Report: Passengers of Flight 93 saved America from even greater horror
WASHINGTON – America would have been even more devastated that sunny September morning – the Capitol aflame or the White House destroyed – if not for a few dozen strangers on an airplane who took the kind of quick, decisive action their government was incapable of on Sept. 11.
Nearly three years on, the passenger revolt against the hijackers on United Flight 93 stands out as a moment of honor and as a success story – if that term can be used to describe the deaths of 44 people – among the glaring government failures.
There were, of course, many heroes that day: the police, firefighters and rescue workers who risked and lost their own lives to help others. It does not diminish those feats to point out that emergency workers train for those moments. In some sense, their heroism is expected, part of a shared culture of valor.
The people aboard Flight 93 shared only a common destination, San Francisco, and no expectation of doing anything that morning other than sitting back and enjoying the flight.
Instead, aboard the hijacked Boeing 757, passengers took pre-emptive action that spared the nation even more destruction and death at a pillar of U.S. democracy. Their action also gave Americans conviction that they, too, could fight back against terrorists.
And, as the final report of the Sept. 11 commission makes clear, the passengers’ actions displayed a small group’s ability to quickly grasp something brand-new, figure out what it meant and dream up and execute a plan at a moment of extreme stress and unimaginable fear.
The record shows that on at least one other plane, United Flight 175, some passengers correctly surmised what was happening and what had to be done.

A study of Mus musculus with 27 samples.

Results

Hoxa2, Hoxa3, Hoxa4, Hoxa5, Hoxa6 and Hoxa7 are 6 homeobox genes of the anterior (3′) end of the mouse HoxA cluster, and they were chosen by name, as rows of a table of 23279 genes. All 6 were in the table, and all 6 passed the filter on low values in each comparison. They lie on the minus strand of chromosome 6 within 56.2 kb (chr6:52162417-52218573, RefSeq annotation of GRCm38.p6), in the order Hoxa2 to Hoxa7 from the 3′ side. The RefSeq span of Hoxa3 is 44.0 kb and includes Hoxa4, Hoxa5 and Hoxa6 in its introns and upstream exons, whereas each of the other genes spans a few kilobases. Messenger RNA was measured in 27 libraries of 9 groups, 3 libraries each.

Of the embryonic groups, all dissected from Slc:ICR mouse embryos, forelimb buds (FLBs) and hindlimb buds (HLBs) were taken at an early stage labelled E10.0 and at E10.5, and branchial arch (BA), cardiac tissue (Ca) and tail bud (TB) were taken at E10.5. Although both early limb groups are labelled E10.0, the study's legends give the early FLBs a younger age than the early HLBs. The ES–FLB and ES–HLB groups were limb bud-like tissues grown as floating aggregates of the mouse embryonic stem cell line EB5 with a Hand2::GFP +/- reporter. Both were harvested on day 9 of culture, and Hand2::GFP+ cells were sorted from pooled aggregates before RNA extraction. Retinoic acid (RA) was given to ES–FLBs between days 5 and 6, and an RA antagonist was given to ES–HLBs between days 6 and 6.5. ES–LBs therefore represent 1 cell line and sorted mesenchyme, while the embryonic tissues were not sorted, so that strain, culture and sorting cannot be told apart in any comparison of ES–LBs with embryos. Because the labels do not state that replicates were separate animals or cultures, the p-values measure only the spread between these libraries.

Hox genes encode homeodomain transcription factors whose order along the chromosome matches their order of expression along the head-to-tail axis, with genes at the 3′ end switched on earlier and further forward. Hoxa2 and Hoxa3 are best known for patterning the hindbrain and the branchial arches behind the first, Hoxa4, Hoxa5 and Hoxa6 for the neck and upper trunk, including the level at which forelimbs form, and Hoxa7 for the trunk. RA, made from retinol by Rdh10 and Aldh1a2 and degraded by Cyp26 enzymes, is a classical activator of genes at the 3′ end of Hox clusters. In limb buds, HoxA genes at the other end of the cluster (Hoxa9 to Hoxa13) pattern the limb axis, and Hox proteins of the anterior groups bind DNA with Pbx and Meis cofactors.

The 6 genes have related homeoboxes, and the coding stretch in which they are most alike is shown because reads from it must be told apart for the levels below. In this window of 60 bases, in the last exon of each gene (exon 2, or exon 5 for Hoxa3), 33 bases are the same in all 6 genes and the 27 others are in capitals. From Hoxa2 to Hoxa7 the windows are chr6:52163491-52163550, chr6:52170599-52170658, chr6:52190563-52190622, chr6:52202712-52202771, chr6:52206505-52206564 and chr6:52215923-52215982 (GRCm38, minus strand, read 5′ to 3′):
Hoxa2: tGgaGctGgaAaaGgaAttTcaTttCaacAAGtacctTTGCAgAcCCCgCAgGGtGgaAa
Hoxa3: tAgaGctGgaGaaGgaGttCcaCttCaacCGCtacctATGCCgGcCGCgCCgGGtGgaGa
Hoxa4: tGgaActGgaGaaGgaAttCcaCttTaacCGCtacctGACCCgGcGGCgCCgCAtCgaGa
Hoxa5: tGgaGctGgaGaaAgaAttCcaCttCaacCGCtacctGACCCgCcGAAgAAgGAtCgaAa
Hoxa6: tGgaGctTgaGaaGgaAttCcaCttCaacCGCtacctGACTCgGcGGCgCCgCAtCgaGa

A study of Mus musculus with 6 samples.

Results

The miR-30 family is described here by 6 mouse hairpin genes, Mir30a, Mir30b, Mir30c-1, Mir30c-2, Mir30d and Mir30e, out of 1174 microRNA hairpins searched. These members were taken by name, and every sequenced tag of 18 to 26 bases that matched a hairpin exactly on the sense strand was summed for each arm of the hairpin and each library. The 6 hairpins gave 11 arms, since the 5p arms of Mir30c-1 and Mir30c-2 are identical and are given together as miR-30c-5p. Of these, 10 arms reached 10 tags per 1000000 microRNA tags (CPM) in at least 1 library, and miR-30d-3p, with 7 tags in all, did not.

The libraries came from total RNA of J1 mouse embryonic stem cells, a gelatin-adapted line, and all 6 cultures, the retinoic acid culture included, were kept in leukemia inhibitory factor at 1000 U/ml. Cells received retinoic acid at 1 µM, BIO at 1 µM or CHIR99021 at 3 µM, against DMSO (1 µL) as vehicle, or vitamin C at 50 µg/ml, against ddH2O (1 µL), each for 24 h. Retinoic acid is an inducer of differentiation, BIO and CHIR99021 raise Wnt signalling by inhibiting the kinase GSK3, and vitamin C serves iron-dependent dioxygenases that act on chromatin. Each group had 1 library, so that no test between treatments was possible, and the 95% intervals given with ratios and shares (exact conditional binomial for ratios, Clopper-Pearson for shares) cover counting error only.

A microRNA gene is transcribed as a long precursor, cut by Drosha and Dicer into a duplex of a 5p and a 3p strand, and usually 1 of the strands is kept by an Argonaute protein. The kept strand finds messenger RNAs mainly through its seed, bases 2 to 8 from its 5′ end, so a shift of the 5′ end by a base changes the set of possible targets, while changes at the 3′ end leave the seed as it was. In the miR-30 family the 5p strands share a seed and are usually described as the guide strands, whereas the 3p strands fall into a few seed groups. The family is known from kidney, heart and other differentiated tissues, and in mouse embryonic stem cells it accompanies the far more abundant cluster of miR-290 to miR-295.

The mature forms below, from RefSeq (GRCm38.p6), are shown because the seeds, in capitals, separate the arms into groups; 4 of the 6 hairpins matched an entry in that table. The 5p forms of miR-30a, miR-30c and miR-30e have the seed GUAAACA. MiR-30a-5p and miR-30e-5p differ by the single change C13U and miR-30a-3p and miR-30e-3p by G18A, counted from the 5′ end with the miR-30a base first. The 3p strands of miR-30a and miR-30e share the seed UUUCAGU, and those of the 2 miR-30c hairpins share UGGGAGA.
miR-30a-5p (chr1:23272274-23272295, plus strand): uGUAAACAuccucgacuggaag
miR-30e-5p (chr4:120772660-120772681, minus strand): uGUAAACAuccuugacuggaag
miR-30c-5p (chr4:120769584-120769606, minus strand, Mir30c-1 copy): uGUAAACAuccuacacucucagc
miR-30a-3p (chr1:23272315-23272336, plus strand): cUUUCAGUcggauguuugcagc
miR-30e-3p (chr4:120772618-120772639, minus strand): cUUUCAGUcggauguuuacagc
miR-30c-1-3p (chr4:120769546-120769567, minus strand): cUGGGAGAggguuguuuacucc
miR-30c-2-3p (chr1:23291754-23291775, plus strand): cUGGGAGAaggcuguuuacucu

Minutes before that plane struck the World Trade Center, passenger Brian David Sweeney told his mother that the passengers were thinking about storming the cockpit to take control of the plane away from the hijackers, the Sept. 11 report says.
During Peter Hanson’s haunting last telephone conversation with his father, he said, “I think they intend to go to Chicago or someplace and fly into a building. Don’t worry, Dad. If it happens, it’ll be very fast – my God, my God.”
Moments later, Flight 175 became the second plane to crash into a World Trade Center tower.
Flight 93 was the last of the four planes to be commandeered by al-Qaida terrorists. In the passengers’ final, heartrending telephone conversations with family members, information was flowing both ways. The Twin Towers were already on fire and the passengers learned of that.
In deciding to rush the cockpit, the passengers, thinking quickly, knew or could guess that these hijackers, too, intended to turn the plane into a missile. They also could have reasoned that they were not altering their own fates. They probably were going to die in a fiery crash.
And what did they do first? They took a vote before they took on the hijackers.
Their actions caused the hijackers to give up on their plan to fly to Washington and deliberately slam the plane into a Pennsylvania field.
No one knows how many lives they saved. But at the intended target, confusion reigned.
Hundreds of people were at the White House and Capitol on Sept. 11, trying to make sense of what they were watching on television from New York and the black smoke they could see rising from the Pentagon.
Police ordered the evacuation of the Capitol after the Pentagon was hit, but it was chaotic.
The Air Force has maintained that fighter jets that had belatedly been sent aloft to intercept the hijacked planes would have shot down Flight 93 before it reached Washington.
“We are not so sure,” the Sept. 11 commission said. “We are sure that the nation owes a debt to the passengers of United 93. Their actions saved the lives of countless others, and may have saved either the Capitol or the White House from destruction.”